Waiting for Superman review

Story by Ben Rueter

In the opening moments of “Waiting for Superman” the viewer is introduced to five elementary public school students who have the odds stacked against them. These aren’t poor students who are living in a crime-riddled area, but rather these kids happen to be growing up in a city where good schools are hard to come by. In this case, large cities with low graduation rates and the schools that are succeeding; you gain entry through a lottery.

“One of the saddest days of my life was when my mother told me Superman did not exist,” educational reformer Geoffrey Canada said. “And she thought I was crying because it’s like Santa Clause is not real and I was crying because there was no one coming with enough power to save us.”

“Waiting for Superman” directed by Davis Guggenheim (“An Inconvenient Truth”) takes a look at where America’s education system is failing young students. It’s more of a cry to action than anything.

The core of the film highlights the failures and missteps of the education system in the United States. While eye opening, it becomes fairly depressing
by the end.

The film overlooks a lot of the efforts that these students, and more importantly, the parents, are doing in sight of these “doom and gloom” statistics. It’s easy to point out what is going wrong, but even harder to point out the successes and offer a solution to the problem.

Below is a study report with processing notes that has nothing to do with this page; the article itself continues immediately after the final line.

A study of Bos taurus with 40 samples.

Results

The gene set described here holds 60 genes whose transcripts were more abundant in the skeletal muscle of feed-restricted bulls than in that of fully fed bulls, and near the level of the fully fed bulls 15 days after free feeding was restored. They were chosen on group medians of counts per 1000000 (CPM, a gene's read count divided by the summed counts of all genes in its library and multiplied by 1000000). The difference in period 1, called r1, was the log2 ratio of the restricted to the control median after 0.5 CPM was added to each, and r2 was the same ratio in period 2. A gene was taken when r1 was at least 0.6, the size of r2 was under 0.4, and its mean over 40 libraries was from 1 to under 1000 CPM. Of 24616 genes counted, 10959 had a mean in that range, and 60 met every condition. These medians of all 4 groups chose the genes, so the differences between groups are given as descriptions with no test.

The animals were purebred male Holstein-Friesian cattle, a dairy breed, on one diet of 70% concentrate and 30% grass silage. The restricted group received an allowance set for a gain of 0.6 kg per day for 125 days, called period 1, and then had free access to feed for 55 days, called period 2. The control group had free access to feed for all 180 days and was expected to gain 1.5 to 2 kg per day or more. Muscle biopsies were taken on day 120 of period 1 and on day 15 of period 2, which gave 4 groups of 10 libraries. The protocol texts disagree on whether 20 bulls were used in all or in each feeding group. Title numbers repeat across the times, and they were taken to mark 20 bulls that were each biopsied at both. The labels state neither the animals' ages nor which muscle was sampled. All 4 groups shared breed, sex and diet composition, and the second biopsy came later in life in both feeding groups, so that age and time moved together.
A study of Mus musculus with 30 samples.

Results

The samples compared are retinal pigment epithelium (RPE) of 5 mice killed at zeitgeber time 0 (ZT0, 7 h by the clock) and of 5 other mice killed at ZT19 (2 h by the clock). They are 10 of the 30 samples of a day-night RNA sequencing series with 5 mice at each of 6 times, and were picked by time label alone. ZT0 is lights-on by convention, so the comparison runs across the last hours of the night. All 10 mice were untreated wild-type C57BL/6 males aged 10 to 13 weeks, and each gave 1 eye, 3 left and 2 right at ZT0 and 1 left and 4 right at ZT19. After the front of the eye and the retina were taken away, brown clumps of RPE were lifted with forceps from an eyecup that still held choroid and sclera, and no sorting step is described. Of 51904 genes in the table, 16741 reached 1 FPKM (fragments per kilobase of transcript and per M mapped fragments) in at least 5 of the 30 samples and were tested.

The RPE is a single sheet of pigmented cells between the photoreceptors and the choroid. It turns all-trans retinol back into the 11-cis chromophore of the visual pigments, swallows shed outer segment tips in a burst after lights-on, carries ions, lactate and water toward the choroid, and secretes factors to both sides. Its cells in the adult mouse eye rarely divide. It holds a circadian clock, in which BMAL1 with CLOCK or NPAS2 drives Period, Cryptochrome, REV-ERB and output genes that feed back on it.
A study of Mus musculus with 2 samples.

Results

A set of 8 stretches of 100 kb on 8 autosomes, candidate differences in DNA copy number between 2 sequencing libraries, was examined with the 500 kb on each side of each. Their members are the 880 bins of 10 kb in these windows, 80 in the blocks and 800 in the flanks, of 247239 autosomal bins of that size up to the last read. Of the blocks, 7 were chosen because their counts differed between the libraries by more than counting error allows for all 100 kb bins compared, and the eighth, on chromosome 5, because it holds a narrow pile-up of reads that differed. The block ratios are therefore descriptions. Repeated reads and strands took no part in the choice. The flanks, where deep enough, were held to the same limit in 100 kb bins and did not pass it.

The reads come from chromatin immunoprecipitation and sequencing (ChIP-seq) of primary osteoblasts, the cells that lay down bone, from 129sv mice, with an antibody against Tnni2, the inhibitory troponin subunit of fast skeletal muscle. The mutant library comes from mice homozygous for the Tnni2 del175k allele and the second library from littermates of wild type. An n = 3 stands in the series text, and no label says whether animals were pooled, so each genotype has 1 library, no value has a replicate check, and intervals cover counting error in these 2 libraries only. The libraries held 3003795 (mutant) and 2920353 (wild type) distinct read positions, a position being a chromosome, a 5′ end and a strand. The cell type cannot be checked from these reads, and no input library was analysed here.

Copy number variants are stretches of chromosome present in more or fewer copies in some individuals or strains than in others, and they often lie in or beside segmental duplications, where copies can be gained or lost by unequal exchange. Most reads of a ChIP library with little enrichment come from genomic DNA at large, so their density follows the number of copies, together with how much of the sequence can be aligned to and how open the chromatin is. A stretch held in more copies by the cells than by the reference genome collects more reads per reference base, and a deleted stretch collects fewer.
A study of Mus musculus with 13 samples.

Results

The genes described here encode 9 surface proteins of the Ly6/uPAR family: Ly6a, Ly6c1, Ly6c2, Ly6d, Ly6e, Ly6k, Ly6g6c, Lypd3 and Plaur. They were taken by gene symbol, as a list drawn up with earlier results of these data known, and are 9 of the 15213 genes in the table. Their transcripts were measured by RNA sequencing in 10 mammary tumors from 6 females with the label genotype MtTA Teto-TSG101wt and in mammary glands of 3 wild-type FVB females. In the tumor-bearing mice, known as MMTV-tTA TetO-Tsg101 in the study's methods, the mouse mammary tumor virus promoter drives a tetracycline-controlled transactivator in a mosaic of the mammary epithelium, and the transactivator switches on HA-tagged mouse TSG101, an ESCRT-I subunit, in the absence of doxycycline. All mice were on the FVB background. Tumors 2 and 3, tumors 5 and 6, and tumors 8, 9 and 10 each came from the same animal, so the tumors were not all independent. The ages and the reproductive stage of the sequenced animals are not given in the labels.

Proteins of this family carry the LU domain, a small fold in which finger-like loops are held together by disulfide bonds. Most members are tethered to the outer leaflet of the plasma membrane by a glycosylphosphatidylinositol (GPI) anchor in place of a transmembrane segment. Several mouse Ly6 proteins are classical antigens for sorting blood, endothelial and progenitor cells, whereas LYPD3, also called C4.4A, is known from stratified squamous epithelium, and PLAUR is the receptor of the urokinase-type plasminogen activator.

Near the end, the film comes back to Canada’s success with his charter schools, but the film never gets at why and how he is one of the few to get inner city kids through high school and into college. If Guggenheim took some of his focus off of the negatives of a failing schools and education and investigated into why other countries are excelling in areas like math and science, the documentary would benefit from the insight.

The documentary also ends with a call to action addressing the audience to lend a hand and improve our education system telling them to contact school officials and politicians. Though, I never really felt motivated to do so once the credits began to roll. The film does a good job with backing up statistics and showing the audience what is wrong, but it lacks heart.

It is disappointing to see parents and kids struggle to gain acceptance into a successful inner city school, but the film never lets you get to know these kids very well. They all blend together. All of them are motivated, optimistic, and excited to learn more. Their parents are worried, hopeful, and struggling to give their kids the best education they can. But the film never goes deeper than that. If the film narrowed its focus to a few of the kids and let the audience just get to know who they are, the final moments of the film would benefit greatly from the emotional attachment audience would have.

“Waiting for Superman” is an important film that offers some hard and depressing facts about America’s education system, but is missing that necessary punch to really nail down the call to action the film is desperately trying to get across to the audience. In the end, if the film motivates those looking to teach, and become a great teacher at that, the film has done its job and given those struggling students a Superman to look up to someday.